Plants can’t grow without water! Here are some guidelines on how much and the best ways to water your garden.
How much water does my garden need?
There is no universal answer to this question, but a good rule of thumb is that a vegetable garden should receive 1 inch of water per week (or 62 gallons of water per 100 square feet per week). This means that the total amount of water your garden receives from rainfall and waterings should add up to about 1 inch of water per week. Use a rain gauge to keep track of how much water your garden is receiving.
There are a few factors that influence how much water your specific garden may need.
Soil Type – There are 3 basic kinds of textures soil can have: sand, silt, or clay.
- Sandy soil is porous and allows water to drain through quickly.
- Silty soil does not allow water to drain as quickly, but holds onto less water than clay.
- Clay soil is more compact than the other soil types and holds onto water very well.
If your garden’s soil has a high sand content, you may need to give your garden more water. Alternatively, if your garden’s soil has a high clay content, you may want to use less water. We recommend getting a soil test done so you know what kind of soil you have in your garden.
Temperature – High heat can cause plants to dry out, and more water may be necessary to keep them in good shape. If you are going through a heat wave, you may need to give your garden more water than usual to prevent dehydration.
Humidity – Humidity affects the ability for water to evaporate. In high humidity, water will take longer to evaporate from the soil, and you may want to reduce the amount of water given to your garden. In lower humidity, more water may be necessary.
Type of plant – All plants are different, and will therefore grow best under different conditions. Plants producing large fruit like watermelons are going to require more water than plants like basil. Make sure to do some research to find out how much water your plants need.
When should I water my garden?
The best time of day to water your garden is early in the morning. The temperature is cooler in the morning, which means less water will be lost to evaporation while you are watering. Also, any leaves that get wet will have time throughout the day to dry off, reducing the risk of developing diseases or growing fungus.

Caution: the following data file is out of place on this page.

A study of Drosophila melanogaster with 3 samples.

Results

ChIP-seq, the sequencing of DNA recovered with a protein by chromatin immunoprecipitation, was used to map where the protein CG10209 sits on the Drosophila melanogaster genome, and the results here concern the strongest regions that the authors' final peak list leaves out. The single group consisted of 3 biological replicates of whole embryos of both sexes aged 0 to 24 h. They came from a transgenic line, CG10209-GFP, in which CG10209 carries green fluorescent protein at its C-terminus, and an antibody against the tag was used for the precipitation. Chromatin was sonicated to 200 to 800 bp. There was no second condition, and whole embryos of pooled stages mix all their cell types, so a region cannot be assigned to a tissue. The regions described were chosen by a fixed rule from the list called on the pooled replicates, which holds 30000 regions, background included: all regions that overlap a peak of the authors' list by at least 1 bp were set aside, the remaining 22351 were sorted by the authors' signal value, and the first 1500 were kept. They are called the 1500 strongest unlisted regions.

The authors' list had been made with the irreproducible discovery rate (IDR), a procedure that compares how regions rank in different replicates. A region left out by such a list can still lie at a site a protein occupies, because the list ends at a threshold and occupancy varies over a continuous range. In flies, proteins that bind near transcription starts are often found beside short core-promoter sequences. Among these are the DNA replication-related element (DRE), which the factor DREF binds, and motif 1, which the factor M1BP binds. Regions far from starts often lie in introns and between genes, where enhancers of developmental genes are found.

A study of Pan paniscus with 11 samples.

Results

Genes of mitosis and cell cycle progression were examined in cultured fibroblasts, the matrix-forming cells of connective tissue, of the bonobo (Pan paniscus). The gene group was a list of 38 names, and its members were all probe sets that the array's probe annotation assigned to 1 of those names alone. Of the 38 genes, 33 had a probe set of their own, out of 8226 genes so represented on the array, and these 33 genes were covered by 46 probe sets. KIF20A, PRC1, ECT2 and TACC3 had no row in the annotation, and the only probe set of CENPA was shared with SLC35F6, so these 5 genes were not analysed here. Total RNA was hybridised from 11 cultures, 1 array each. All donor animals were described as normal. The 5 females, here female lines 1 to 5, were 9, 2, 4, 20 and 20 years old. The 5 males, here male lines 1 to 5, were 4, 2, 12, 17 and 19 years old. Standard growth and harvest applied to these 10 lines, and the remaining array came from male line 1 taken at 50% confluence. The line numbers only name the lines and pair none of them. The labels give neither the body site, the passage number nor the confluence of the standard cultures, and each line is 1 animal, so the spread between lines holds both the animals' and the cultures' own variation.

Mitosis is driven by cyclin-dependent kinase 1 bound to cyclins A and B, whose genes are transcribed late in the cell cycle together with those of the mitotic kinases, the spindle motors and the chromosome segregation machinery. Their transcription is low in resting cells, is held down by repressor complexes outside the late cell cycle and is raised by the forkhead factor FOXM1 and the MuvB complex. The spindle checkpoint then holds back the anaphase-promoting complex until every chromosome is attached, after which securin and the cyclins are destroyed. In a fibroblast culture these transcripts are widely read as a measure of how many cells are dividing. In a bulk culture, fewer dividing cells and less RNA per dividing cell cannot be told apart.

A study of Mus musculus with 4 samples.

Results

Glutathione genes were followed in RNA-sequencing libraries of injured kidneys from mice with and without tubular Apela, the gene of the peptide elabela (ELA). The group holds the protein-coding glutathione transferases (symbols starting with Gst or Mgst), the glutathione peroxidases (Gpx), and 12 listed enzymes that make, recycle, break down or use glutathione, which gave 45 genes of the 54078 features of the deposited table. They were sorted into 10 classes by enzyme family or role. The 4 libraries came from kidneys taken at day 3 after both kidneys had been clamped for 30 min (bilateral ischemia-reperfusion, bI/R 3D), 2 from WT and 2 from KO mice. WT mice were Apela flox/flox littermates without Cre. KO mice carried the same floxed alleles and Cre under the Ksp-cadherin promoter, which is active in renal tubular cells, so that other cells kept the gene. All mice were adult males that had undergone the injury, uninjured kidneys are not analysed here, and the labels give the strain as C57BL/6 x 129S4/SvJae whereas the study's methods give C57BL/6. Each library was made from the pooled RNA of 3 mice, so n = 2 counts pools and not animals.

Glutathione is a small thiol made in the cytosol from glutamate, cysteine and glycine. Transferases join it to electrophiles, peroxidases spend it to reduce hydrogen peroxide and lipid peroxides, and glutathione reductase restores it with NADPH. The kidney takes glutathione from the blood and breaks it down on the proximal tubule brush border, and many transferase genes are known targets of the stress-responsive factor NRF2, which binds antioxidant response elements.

If you cannot water in the morning, watering in the evening will still have the benefit of conserving water compared to watering in the peak heat of the day. However, if you choose to water in the evening, it is important to water only the soil and not the leaves of your plants. Allowing wet leaves to sit overnight will increase the risk for your plants to develop diseases or grow fungus.
How often should I water?
It is unnecessary and can even be harmful to water your garden too frequently. Again, there is no universal answer to this question, but in general, watering about 1-2 times per week is likely to be ideal for many gardens. By watering your garden less frequently with deeper waterings, rather than watering very frequently with light waterings, you will help your plants grow deeper and stronger roots, making them more resilient to harsh-weather conditions.
How should I water my garden?
When watering, avoid wetting stems and leaves. The goal of watering is to get the water through the soil to the roots of your plants. Watering just the soil near your plants will reduce the risk of your plants developing diseases from wet leaves, and will help conserve water, as less water is being sprinkled needlessly over the tops of your plants. You can also avoid watering areas in between plants, reducing the potential for weeds to grow. Make sure to water with a gentle trickle/stream (think of how water comes out of a watering can) rather than a powerful spray.
You have several options when it comes to watering equipment, including:
Watering by hand
Nobody knows your garden better than you. Pay attention to the way your plants look and the conditions they are in. Are your plants wilting or shrivelling up? Has it been raining more than usual lately? If you notice signs of stress in your garden, do not wait to address them. Ultimately, you and your garden’s community are the ones who will know the best way to water in your garden.
Finding a Water Source
A crucial part of setting up your garden space is having a water source. For many gardens this looks like a typical garden hose ran off of spigot on a building. If your garden doesn’t have easy access, you will need to explore other options to get water access. This may be putting in a new water line that extends directly to your garden. Depending on the distance, this can cost as high as $3,000. For many projects near buildings, however, the cost can be lower into the hundreds.
If your garden space is near a fire hydrant, you may be able to work with the city to get a fire hydrant key and hook the hydrant up to a garden hose. How this relationship works is different in every location, contact your local representative (normally mayor or alderperson) to find more information on how this works.
Rainwater collection is another attractive option for gardens, but comes with its own set of issues. For example, if there is a drought and you do not have a back-up water source, you run the risk of losing your crop for the season. Depending on the collection method, the rainwater may be safe for direct to soil watering only, and not widespread watering that could get on the leaves or produce. We recommend rainwater harvesting only if there is a feasible backup.
Unfortunately, if water access is a major issue, it may also be time to reconsider the growing space. In most cases, you should be able to run a line directly to your garden. Even if this ends up costing a bit more than you would like, it is a one time cost that is crucial to your garden’s success.